Eileen (Milstein) Brookman (1921-2004) was member of the Nevada Assembly from 1967-1977 and 1987-1990. Small in stature but nicknamed "Queenie" by her admirers, she advocated passionately for the rights of persons with disabilities, minorities, people with low incomes, women, and especially the elderly. Brookman entered state politics in 1962 when she was appointed Indian Commissioner by Governor Grant Sawyer. She was also active in many organizations, including the NAACP, the Senior Citizen Resource Center Advisory Board, the Clark County Association on Mental Health, and the National Conference of Christians and Jews. She served as Anti-Defamation League (ADL) chairman of the Las Vegas chapter of B’nai B’rith, and was also a life member of Hadassah and the Sisterhood of Temple Beth Sholom. In 1982 Brookman was chairman of the Nevada delegation to the White House Conference on Aging, and was subsequently appointed to the Nevada Commission on Aging. She received many local and regional awards, including Clark County Humanitarian Mother of the Year, "Outstanding Woman of the West," Nevada Distinguished Citizen, and B’nai B’rith Outstanding Woman of the Year. Eileen B. Brookman Elementary School in Las Vegas is named in her honor.
Eileen Milstein was born on October 25, 1921, in Denver, Colorado. The Milstein family relocated to Southern California and Eileen attended Eagle Rock High School in Los Angeles and Los Angeles City College. She married George Brookman in 1941, while he was in the Army. After the birth of their two children the family moved to Las Vegas, where George became a general contractor and Eileen entered the political arena.
During her 16 years in the legislature Brookman served on some of the most important Assembly committees, including Government Affairs, Health and Welfare, and Education. She was the vice-chairman of the Legislative Functions and Assembly Ways and Means committees, and she co-chaired the Clark County Assembly Delegation. In her last term, she served on the interim committee studying the Youth Services Division and the Juvenile Justice System, and was the Assembly Representative to the State Commission of Aging.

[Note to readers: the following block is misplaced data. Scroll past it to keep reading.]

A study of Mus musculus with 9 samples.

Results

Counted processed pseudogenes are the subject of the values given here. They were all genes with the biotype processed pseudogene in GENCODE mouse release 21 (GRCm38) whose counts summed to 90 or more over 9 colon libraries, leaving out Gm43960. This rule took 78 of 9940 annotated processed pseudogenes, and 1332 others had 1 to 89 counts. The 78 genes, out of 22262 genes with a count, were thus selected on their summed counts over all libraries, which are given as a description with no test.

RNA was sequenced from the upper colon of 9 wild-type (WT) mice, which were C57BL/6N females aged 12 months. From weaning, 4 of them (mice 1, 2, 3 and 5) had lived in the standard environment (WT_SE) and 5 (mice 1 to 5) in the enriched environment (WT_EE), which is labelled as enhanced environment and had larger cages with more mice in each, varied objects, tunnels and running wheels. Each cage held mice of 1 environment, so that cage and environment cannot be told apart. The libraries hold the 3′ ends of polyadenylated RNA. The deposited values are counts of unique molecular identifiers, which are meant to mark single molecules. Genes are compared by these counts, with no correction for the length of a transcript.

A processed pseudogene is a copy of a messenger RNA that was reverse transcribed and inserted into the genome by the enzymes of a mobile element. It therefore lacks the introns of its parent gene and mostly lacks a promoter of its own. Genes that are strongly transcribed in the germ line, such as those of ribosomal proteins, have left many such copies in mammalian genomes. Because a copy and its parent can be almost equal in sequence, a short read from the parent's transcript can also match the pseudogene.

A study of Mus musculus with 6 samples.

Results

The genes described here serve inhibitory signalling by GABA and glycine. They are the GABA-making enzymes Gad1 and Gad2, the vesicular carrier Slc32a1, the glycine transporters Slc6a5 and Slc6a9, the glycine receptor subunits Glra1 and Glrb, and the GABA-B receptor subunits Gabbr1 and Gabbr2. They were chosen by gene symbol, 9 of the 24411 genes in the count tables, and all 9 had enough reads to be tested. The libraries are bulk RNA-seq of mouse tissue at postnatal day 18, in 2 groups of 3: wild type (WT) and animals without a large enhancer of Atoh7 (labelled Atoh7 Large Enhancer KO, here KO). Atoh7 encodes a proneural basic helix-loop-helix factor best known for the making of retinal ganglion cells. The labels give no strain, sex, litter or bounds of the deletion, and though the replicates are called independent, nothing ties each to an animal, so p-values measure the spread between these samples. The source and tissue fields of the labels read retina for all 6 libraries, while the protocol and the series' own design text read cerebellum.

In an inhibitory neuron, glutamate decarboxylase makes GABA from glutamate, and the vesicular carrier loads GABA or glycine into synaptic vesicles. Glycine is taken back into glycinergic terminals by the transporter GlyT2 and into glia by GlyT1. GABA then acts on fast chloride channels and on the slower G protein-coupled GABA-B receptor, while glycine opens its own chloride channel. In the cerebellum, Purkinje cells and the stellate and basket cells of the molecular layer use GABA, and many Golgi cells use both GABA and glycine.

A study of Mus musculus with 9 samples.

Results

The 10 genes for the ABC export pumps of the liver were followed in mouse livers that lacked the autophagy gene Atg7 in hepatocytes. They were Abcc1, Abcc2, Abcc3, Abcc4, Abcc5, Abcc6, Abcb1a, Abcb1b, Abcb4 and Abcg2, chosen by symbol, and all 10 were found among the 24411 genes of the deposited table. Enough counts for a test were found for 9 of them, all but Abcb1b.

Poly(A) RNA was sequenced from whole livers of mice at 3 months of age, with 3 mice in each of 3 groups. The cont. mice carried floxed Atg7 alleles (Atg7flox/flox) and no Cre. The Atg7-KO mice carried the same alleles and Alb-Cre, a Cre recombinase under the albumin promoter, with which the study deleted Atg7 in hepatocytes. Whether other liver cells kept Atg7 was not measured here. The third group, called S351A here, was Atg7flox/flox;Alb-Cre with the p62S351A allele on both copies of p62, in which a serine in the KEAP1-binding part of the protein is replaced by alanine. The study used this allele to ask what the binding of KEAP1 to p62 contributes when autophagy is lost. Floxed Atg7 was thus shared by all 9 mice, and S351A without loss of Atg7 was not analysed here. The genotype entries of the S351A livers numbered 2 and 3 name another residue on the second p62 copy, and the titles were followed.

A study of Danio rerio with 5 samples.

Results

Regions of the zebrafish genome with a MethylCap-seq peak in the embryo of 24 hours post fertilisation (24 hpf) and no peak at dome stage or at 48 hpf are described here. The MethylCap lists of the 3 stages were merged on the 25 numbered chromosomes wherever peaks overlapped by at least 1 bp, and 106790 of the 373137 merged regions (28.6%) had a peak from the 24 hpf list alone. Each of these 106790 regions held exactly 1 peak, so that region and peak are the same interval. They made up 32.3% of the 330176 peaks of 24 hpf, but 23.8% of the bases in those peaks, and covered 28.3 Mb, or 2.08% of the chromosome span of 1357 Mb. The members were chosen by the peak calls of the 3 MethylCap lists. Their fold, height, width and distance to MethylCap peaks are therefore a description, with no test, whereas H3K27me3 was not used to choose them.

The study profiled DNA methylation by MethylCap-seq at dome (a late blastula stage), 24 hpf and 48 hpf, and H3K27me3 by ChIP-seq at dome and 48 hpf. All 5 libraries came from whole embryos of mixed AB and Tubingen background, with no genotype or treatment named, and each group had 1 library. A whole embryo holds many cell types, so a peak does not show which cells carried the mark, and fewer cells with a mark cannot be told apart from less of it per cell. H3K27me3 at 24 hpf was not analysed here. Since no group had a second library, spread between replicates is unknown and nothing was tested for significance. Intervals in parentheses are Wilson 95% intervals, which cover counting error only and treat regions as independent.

Brookman sponsored such legislative milestones as the reorganization of the Nevada National Guard, the adoption of the Nevada Code of Military Justice, the passage of the "hate crimes" bill for Nevada, and the creation of the Governor's Advisory Council on Education Relating to the Holocaust. During the 1975 legislative session, Brookman introduced a bill to eliminate pay toilets, which were a national issue of gender inequality at the time.
Brookman was a consistent supporter of legislation to establish and improve senior citizen programs. She sponsored the Older Americans Act, which created the State Division of Aging Services and secured funding for senior citizen benefits such as reduced transportation fares and the "Meals on Wheels" program. She also sponsored the creation of the Aging Services Division of the Department of Human Resources, the prohibition of discrimination in private employment on the basis of age, and the entitlement of senior citizens to vote by absentee ballot.
In 1990, Brookman learned that her son would be undergoing heart surgery and ended her political career at that time to be by his side. Eileen Brookman passed away in her Las Vegas home on July 1, 2004, after a battle with cancer; her husband died only a few weeks later. Both were survived by their daughter Deborah.
"Eileen Brookman: Biography." Women’s Research Institute of Nevada. March 21, 2011. http://wrinunlv.org/research/our-history-profiles-of-nevada-women/eileen-brookman/.
"Mrs. Eileen B. Brookman." Clark County School District. August 19, 2014. http://www.brookmanelementary.com/bio.php.